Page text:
The White House took no chances when it came to Barack Obama’s reelection, which is why they “systematically delayed” a number of Obamacare and environmental protection regulations that could have become “points of contention” before the 2012 election, the Washington Post reports.
Some agency officials were instructed to hold off submitting proposals to the White House for up to a year to ensure that they would not be issued before voters went to the polls, the current and former officials said.
The delays meant that rules were postponed or never issued. The stalled regulations included crucial elements of the Affordable Care Act, what bodies of water deserved federal protection, pollution controls for industrial boilers and limits on dangerous silica exposure in the workplace.
The Obama administration has repeatedly said that any delays until after the election were coincidental and that such decisions were made without regard to politics. But seven current and former administration officials told the Washington Post that the motives behind many of the delays were clearly political, as Obama’s top aides focused on avoiding controversy before his reelection.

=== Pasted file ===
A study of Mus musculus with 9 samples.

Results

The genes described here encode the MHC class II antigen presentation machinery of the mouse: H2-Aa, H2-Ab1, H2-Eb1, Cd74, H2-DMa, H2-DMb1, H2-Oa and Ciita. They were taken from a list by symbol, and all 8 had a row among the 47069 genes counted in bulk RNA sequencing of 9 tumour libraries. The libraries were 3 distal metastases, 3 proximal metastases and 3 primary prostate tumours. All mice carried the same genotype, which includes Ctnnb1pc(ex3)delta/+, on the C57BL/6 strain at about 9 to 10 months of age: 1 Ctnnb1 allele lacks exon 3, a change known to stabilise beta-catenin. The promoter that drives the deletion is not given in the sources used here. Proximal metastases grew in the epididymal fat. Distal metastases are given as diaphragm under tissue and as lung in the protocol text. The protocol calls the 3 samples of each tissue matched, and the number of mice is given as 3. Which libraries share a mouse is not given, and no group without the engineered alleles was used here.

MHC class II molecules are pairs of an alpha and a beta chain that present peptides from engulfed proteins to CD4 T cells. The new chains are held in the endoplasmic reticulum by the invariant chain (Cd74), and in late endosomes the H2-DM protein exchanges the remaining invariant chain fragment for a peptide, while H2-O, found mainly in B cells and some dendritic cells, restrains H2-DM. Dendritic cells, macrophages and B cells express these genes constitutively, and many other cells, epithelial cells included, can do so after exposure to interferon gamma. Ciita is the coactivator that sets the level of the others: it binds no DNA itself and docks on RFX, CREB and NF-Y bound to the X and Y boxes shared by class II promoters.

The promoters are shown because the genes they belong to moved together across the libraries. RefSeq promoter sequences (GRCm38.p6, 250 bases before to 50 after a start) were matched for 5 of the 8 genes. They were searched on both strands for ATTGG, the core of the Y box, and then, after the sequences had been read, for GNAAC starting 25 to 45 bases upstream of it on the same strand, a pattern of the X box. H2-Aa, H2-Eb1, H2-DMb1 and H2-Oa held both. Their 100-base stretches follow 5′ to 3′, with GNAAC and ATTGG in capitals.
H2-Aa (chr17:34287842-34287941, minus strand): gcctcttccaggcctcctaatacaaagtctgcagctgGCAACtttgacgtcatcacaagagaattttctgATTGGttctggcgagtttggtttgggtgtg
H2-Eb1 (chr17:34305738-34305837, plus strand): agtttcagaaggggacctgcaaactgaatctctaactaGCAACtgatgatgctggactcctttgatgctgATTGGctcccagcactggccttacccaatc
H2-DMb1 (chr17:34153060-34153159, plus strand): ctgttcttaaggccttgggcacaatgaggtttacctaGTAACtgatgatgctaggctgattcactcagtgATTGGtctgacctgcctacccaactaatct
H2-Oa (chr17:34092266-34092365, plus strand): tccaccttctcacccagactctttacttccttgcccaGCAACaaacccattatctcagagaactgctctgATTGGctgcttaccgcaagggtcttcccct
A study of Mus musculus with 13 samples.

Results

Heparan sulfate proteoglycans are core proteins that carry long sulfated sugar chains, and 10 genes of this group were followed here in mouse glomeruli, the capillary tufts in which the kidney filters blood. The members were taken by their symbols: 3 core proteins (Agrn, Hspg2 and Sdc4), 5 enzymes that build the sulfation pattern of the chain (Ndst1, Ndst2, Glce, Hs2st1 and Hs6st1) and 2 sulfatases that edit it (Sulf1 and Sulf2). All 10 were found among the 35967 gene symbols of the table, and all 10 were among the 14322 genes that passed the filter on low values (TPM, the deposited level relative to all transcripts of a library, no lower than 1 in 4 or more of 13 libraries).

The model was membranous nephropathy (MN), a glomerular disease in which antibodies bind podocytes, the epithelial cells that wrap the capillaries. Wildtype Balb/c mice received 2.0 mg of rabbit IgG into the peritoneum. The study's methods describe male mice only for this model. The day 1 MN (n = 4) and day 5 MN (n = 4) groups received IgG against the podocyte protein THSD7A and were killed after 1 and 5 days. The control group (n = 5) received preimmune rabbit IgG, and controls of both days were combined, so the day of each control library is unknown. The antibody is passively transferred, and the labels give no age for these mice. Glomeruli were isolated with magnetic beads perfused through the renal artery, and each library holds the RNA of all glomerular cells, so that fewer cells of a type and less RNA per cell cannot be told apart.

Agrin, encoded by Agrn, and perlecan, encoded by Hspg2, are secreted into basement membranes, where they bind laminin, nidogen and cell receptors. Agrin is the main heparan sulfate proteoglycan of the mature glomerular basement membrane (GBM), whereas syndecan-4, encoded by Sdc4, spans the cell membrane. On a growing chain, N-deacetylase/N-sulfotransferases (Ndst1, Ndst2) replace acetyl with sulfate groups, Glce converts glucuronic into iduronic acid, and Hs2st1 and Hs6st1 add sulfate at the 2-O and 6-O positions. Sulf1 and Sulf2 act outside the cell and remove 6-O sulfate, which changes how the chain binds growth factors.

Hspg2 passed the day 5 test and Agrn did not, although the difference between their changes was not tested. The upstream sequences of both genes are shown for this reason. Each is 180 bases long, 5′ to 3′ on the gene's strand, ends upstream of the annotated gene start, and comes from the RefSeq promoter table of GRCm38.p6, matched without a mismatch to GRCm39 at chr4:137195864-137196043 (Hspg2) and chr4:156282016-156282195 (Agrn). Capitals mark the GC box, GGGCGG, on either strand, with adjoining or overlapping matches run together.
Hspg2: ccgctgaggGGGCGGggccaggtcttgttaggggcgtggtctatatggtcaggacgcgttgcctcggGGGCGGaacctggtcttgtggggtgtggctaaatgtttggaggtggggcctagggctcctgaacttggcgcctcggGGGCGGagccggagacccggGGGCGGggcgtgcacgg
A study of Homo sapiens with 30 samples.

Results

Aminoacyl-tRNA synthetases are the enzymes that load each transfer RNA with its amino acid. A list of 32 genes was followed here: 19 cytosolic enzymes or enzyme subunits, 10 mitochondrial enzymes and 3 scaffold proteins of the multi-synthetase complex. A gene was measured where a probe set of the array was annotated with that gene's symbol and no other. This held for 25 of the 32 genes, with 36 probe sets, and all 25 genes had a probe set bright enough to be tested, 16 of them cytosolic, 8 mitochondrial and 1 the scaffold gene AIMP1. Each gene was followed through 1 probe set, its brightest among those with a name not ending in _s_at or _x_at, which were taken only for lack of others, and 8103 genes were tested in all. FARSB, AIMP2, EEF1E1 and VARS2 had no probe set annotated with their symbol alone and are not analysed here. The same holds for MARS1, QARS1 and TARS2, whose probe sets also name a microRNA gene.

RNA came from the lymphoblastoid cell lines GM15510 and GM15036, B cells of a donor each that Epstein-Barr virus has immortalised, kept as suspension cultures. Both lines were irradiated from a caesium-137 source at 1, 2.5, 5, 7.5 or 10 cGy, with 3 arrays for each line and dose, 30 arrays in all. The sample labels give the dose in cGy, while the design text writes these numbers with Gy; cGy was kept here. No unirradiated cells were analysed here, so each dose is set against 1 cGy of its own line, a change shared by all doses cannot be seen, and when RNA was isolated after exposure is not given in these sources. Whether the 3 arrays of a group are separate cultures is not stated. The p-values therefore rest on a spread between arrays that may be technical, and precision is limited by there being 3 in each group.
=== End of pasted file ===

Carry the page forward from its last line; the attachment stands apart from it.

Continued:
Who’s surprised? No one, of course. And the administration’s explanation was to simply point the finger at previous administrations.
OMB spokeswoman Emily Cain said in a statement that the administration’s “approach to regulatory review is consistent with long-standing precedent across previous administration and fully adheres” to federal rules.
According to the Washington Post’s sources, that’s not entirely true.
The number and scope of delays under Obama went well beyond those of his predecessors, who helped shape rules but did not have the same formalized controls, said current and former officials who spoke on the condition of anonymity because of the sensitivity of the topic. […]
Previous White House operations have weighed in on major rules before they were officially submitted for review. But Jeffrey Holmstead, who headed the EPA’s Office of Air and Radiation in the George W. Bush administration, said the effort was not as extensive as the Obama administration’s approach.
“There was no formalized process by which you had to get permission to send them over,” Holmstead said, referring to rules being submitted to the White House.
Members of Congress are already gearing up for a series of hearings on the delays.
“Legal protection delayed is protection denied,” Sen. Richard Blumental, D-Conn., chair of the Judiciary Subcommittee on Oversight, Federal Rights and Agency Action, told the Post. “I’ve spoken to officials at the top rungs of the White House power structure and at [the Office of Information and Regulatory Affairs] and we’re going to hold their feet to the fire, and we’re going to make sure they’re held accountable in a series of hearings.”